Define & Document
Define & Document
File Naming Conventions (FNC)
A File Naming Convention (FNC) is a framework for naming your files purposefully by describing what they contain. Developing an FNC is done by identifying the key elements of the project. These elements could include things like the date of creation, author's name, project name, name of a section or sub-section of the project, or the version of the file.
A file naming convention (FNC) can help you stay organized by making it easy to identify the file(s) that contain the information that you are looking for just from its title and by grouping files that contain similar information close together. A good FNC can also help others better understand and navigate through your work.
Consider the following examples:
Files without employing a naming convention:
- Design for project.doc
- Meeting Notes Oct 23
Files with a naming convention:
Unlike the files without a naming convention, the files with a naming convention provide a preview of the content, are organized in a logical way (by date yyyy-mm-dd), identify the responsible party, and convey the work history.
Establishing an effective file naming convention is an investment of time and effort. It should be based on your articulated needs as well as your team. There are no perfect file naming conventions, but there are some basic rules that can help guide you.
- Find the right balance of components for your FNC. Too few components create ambiguity; too many limit discovery and comprehension.
- Use meaningful abbreviations. File names that contain too many characters can be unwieldy and cause problems in transferring files.
- Use underscores instead of spaces in the file name. Some programs have trouble interpreting spaces in file names.
- Document your decisions including: what components you will use (the "project name" for example), what the appropriate entries are ("DOEProject"), what acronyms mean (DOE stands for the Department of Energy).
- Your files will be grouped together based on the first few components so start your FNC with the more general components (e.g., project name) and move to the more specific ones after. Dates should always be yyyy-mm-dd to organize files chronologically.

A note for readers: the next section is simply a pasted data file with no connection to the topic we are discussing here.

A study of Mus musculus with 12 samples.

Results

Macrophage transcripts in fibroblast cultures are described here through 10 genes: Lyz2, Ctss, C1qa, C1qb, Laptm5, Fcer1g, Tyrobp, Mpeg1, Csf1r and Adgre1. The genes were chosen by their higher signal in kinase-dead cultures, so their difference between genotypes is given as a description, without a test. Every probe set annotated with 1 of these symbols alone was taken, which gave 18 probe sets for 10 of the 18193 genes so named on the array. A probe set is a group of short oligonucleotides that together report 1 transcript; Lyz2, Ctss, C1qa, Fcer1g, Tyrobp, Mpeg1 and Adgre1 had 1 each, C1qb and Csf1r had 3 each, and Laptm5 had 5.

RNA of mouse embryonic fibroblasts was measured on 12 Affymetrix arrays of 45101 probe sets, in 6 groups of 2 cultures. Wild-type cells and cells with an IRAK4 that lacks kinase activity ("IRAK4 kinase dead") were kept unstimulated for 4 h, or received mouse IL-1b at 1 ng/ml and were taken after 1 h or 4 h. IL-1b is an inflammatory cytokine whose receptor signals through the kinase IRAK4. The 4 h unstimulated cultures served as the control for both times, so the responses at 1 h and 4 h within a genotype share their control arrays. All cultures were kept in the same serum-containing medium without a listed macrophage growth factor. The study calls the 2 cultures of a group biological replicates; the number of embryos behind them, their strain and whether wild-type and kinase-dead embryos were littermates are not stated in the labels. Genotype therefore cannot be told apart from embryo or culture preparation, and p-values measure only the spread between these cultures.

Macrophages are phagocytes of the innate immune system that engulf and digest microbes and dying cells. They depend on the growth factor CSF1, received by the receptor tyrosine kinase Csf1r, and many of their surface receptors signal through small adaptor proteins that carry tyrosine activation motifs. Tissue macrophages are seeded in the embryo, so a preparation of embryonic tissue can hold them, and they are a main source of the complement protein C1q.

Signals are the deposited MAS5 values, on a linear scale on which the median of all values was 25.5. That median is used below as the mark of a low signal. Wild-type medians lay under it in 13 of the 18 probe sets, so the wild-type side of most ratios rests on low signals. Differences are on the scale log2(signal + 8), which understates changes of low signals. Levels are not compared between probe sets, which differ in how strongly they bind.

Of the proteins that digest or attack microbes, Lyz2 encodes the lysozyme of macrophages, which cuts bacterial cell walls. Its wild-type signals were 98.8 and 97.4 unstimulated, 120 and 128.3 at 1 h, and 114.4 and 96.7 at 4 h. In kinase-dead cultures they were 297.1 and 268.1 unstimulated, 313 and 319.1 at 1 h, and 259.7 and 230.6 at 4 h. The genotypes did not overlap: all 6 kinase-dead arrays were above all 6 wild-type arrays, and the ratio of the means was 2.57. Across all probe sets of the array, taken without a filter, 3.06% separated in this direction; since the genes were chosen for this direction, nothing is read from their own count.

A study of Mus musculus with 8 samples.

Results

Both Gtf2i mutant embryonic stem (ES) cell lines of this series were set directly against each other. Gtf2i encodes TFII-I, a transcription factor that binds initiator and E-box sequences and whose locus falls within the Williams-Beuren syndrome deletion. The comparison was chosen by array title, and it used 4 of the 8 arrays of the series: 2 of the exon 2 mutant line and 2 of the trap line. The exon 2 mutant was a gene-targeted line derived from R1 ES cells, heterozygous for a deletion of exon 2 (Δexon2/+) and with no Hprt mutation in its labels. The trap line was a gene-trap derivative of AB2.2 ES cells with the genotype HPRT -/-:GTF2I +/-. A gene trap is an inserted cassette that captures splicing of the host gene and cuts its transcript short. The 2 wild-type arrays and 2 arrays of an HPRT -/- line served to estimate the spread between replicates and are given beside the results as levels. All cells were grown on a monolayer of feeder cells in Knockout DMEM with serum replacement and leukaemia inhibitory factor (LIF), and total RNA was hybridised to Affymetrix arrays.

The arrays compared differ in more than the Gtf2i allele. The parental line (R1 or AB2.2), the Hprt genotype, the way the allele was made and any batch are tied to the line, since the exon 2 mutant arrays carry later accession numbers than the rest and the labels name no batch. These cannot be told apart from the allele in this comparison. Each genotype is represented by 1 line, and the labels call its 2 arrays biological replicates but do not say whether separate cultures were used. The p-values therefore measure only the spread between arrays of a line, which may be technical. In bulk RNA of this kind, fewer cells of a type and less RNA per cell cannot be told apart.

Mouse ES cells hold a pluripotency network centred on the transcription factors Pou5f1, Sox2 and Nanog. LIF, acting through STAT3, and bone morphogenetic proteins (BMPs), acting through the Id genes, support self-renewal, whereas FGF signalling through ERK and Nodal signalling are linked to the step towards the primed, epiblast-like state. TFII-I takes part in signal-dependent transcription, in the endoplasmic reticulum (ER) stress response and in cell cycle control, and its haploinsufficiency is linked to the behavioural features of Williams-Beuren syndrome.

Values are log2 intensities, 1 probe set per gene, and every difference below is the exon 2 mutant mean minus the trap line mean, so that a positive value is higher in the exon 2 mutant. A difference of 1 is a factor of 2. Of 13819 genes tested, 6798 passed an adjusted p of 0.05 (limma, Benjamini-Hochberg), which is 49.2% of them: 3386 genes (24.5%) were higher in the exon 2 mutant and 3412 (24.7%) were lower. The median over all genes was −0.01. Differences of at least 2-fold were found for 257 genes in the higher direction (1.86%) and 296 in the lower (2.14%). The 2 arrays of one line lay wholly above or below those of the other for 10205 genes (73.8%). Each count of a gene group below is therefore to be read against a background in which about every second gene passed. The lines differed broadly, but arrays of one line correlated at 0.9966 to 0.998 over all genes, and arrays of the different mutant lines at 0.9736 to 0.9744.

- A file naming convention breaks down if not followed consistently. Be sure that everyone who needs to use the FNC is aware of it and knows how to apply it.
Best Practices for File-Naming
From the North Carolina Dept of Cultural Resources (2008); a short but thorough guide to developing file-naming conventions.
File Naming Guidelines
The State Library of North Carolina's four-part video tutorial on file naming.
Folder and File Naming Convention
10 Rules for Best Practice - Written by Vincent Santaguida in 2010, this website provides straightforward advice on developing a FNC.
Folder Hierarchy Best Practices for Digital Asset Management
Written by Edward Smith from the Digital Asset Management Center in 2011, this website extends FNCs to naming and working with file folders.
Documentation captures your work on the dataset so that others could understand what you did and be able to reproduce your work if needed. Your documentation should include both your step-by-step processes (what you did) as well as placing the project in a larger context (why you did it). You documentation should include the following elements at minimum:
- What was done
- How it was done
- Why it was done
- When the work was performed
- Where it was performed
- Who performed the work
There are multiple reasons to give time and attention to documenting your work as you go including:
- Quality documentation will save you time and effort in reviewing and writing up your work later.
- Quality documentation enables others to understand and appreciate your work. It also enables you to be able to share or publish your data outside of the lab increasing the impact of your research.
- Quality documentation can demonstrate the integrity of your work.
- Quality documentation makes it easier for you (or others) to reuse your data.
Answering this question depends on the research that you are conducting, the data that you are generating, as well as what you would like you to do with your data.
Possible elements to consider documenting include:
- The reasoning and context for the research you are conducting
- The reasoning and hypotheses for the specific experiments that you are conducting
- Descriptions of your experiments, methodologies and analysis
- Providing a high level description of your data
- Describing the content of your data files, including: the units of measurement used, how missing values are accounted for, any conditions that might affect the quality of the data
- Time and duration of the data collection
- Location or geographical coordinates of the data collection
- Information about the precision, accuracy or any uncertainties in your data, including any outliers
- A description of the instruments that you are working with including the settings, calibrations and software that you are using
- Where data are stored and backed up
- Any quality assurance procedures applied to your data
- Definitions of the terms that you are using (a glossary)
Instructions for Using Your Laboratory Notebook
Developed for a Mechanical Engineering Course at MIT, this document outlines how to create a quality lab notebook.
Primer on Data Management: What you Always Wanted to Know
Produced by DataONE, this guide provides advice on managing and documenting data through out the data lifecycle.
Maintaining a laboratory notebook
Written by Colin Purrington, an evolutionary biologist, this site provides a lengthy list of dos and don'ts in keeping a lab notebook for any discipline.